Also see John's review of Completely Hollywood (abridged)
The Adrienne Arsht Center for the Performing Arts presents the U.S. premiere of Pandemonium: The Lost and Found Orchestra created by Steve McNicholas and Luke Cresswell. After the global success of their unique take on rhythm with the show Stomp, McNicholas and Cresswell have reunited to take their original concept to a new level. Pandemonium: The Lost and Found Orchestra transforms everyday objects into orchestral instruments, representing every section of a symphony orchestra by replacing strings, woodwinds, brass and percussion with musical saws, soda bottles, rubber tubing, kettles and garbage cans.
A talented group of some twenty-five instrumentalists and thirty singers create an impressive display of creative musicianship that is anything but pandemonium. The staging is mostly just about the playing of the instruments, but they are so unusual that getting to and from them or changing audience focus is entertaining all on its own. Though played on unconventional instruments such as squonkaphones (a plumbing tube saxophone made with balloons, gate latches and cable toes), plumpets (plumbers pipe attached to traffic cones on a hospital IV stand), giant cuicas (220-liter plastic barrels and polypropylene rods on shopping trolleys), and stringed woks (just what it sounds like), the musical form is traditional in nature. The musical pieces include the introduction of a main musical theme, followed by variation, a second theme and counterpoint. The staging emphasizes the dynamics, with more musicians creeping on to assist with crescendos or marching off for decrescendos. The visual impact is aided by some physical characterization given by the musicians as they play. Though it may seem subtle, surely much thought went into this aspect of staging.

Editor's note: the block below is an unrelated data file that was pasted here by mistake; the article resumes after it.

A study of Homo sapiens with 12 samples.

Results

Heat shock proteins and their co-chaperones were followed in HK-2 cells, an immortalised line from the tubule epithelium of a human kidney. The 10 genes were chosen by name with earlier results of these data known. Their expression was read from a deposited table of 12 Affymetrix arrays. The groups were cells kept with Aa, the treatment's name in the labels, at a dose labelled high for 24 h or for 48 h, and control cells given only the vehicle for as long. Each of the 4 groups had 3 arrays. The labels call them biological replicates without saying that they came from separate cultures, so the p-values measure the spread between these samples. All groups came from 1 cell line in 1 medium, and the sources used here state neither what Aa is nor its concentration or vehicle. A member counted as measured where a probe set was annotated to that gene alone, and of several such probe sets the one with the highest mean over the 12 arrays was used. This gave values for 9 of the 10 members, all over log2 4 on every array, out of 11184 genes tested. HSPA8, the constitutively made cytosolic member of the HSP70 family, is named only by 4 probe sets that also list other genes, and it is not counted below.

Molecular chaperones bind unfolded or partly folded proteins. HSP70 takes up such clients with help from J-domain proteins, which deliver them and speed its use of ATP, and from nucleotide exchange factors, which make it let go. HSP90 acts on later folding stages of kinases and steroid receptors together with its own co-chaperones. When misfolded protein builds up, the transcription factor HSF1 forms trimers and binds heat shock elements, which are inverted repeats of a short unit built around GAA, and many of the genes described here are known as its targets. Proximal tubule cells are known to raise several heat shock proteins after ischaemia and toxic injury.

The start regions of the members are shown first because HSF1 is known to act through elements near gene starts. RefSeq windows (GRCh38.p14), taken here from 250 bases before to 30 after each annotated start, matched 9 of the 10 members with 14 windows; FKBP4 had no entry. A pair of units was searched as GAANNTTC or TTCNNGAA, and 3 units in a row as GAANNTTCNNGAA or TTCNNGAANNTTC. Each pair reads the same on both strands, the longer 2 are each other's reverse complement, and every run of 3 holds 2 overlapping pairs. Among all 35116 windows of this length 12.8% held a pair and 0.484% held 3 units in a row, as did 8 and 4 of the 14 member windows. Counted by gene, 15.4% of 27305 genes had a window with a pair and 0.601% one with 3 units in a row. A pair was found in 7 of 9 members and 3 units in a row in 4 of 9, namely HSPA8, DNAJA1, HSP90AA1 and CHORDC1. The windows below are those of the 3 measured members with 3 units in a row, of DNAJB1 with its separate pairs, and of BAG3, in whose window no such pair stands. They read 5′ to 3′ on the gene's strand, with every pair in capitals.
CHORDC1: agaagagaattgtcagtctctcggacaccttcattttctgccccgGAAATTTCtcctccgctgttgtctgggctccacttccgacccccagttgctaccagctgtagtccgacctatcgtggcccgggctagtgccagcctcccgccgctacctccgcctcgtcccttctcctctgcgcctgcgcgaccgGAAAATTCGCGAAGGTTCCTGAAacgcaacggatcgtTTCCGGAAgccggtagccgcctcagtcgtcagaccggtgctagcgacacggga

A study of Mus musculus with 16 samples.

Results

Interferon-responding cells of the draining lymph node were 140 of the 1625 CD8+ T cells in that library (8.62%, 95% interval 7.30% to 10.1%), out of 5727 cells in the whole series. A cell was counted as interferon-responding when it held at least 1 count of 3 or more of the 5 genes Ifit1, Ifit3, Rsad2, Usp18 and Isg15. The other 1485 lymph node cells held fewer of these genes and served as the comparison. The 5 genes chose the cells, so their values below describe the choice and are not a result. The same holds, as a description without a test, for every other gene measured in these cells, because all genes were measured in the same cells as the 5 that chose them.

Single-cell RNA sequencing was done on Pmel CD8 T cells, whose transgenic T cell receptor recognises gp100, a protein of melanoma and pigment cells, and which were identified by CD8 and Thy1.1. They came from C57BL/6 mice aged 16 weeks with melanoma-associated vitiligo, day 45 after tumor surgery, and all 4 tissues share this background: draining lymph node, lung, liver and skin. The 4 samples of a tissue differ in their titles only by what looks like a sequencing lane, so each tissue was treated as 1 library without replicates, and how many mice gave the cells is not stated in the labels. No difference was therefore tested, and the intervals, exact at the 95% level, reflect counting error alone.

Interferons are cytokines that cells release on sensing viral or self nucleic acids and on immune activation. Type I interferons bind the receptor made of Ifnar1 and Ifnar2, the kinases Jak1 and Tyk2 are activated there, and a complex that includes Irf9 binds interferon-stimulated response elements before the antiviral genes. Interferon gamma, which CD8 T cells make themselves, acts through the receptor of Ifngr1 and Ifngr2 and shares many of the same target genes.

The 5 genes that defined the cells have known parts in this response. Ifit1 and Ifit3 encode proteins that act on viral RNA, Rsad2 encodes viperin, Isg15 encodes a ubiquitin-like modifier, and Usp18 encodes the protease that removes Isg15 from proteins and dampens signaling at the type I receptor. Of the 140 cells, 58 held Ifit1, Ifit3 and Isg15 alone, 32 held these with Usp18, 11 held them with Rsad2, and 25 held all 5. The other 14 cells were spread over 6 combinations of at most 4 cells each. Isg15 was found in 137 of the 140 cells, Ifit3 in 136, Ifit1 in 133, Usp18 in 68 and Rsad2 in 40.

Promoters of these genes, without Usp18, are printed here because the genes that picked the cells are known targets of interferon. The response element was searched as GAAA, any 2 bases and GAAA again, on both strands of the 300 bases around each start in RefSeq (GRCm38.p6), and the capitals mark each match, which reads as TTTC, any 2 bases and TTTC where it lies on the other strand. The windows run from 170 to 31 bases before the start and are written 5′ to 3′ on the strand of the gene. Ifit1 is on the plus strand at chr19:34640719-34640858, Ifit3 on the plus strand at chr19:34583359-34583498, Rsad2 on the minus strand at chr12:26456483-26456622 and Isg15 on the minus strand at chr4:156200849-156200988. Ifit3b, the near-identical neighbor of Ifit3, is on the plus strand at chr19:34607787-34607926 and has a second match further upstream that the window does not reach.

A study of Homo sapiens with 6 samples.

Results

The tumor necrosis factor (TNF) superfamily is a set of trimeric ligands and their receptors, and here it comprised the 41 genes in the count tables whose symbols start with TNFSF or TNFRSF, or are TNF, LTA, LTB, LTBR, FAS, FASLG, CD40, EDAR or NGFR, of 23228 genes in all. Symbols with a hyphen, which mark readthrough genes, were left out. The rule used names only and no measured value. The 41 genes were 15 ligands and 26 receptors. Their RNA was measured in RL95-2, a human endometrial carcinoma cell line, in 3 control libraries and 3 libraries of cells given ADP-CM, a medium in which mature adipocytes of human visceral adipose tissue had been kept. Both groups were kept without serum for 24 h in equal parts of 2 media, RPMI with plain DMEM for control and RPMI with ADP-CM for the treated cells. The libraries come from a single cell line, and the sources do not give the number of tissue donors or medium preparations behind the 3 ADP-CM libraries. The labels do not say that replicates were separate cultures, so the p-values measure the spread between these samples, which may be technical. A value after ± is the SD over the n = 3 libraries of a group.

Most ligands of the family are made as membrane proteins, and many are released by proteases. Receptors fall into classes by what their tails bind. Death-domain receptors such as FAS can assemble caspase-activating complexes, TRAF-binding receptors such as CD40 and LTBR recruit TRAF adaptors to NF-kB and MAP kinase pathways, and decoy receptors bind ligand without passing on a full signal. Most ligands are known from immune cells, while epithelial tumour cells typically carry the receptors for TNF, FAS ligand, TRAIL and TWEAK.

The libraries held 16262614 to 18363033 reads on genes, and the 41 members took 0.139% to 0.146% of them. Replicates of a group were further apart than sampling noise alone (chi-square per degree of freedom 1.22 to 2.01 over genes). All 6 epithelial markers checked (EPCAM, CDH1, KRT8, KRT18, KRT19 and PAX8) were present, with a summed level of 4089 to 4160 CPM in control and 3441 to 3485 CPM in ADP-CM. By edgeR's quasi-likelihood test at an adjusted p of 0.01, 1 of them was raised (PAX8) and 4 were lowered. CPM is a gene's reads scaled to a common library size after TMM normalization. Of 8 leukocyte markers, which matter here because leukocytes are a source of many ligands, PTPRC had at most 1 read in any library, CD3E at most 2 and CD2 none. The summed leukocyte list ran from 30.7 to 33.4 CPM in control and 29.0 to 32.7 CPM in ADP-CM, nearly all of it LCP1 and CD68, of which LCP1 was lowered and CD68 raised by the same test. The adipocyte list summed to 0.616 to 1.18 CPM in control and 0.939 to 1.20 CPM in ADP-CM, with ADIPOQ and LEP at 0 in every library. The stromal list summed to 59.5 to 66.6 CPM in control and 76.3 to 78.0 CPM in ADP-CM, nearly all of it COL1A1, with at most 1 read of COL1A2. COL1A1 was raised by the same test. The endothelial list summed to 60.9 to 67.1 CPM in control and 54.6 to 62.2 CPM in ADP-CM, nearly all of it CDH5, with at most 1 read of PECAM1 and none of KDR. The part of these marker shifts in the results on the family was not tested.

Pandemonium: The Lost and Found Orchestra is incredibly engaging. There is always something new to watch, something amazing to listen to, and always a new instrument that seems like something from Dr. Seuss. The only possibly neglected area is lighting.
McNicholas and Cresswell have conceived a show that is far more interesting than Stomp. Whether you are a child exploring music for the first time, or a seasoned professional musician, Pandemonium: The Lost and Found Orchestra proves music can be found everywhere.
Pandemonium: The Lost and Found Orchestra played through September 26, 2010, in the Sanford and Dolores Ziff Ballet Opera House of the Adrienne Arsht Center for the Performing Arts of Miami-Dade County. The Adrienne Arsht Center for the Performing Arts of Miami-Dade County is made possible by the public support of t he Miami-Dade County Major and the Board of County Commissioners, the Miami-Dade County Department of Cultural Affairs and the Cultural Affairs Council, and the Miami-Dade County Tourist Development Council. It also receives generous support from private and corporate contributions to the Performing Arts Center Foundation of Greater Miami through it's Membership Program, the City of Miami Omni Community Redevelopment Agency, the Dade Community Foundation, The MAP-Fund, the Sate of Florida, the Department of State, the Division of Cultural Affairs, the Florida Arts Council, the National Endowment for the Arts, the Doris Duke Charitable Foundation, the Rockefeller Foundation, the Andy Warhol Foundation for the Visual Arts, and the John S. and James L. Knight Foundation.
The Adrienne Arsht Center for the Performing Arts of Miami-Dade County is located at 1300 N. Biscayne Blvd., Miami, Florida, and houses the 2,400 seat Sanford and Dolores Ziff Ballet Opera House, as well as the 2,200 seat John S. and James L. Knight Concert Hall, and the 300 seat Carnival Studio Theater. For information, or to purchase tickets for the many diverse offering of the Adrienne Arsht Center for the Performing Arts of Miami-Dade County, you may contact them at 305-949-6722, or visit them online at www.arschtcenter.org.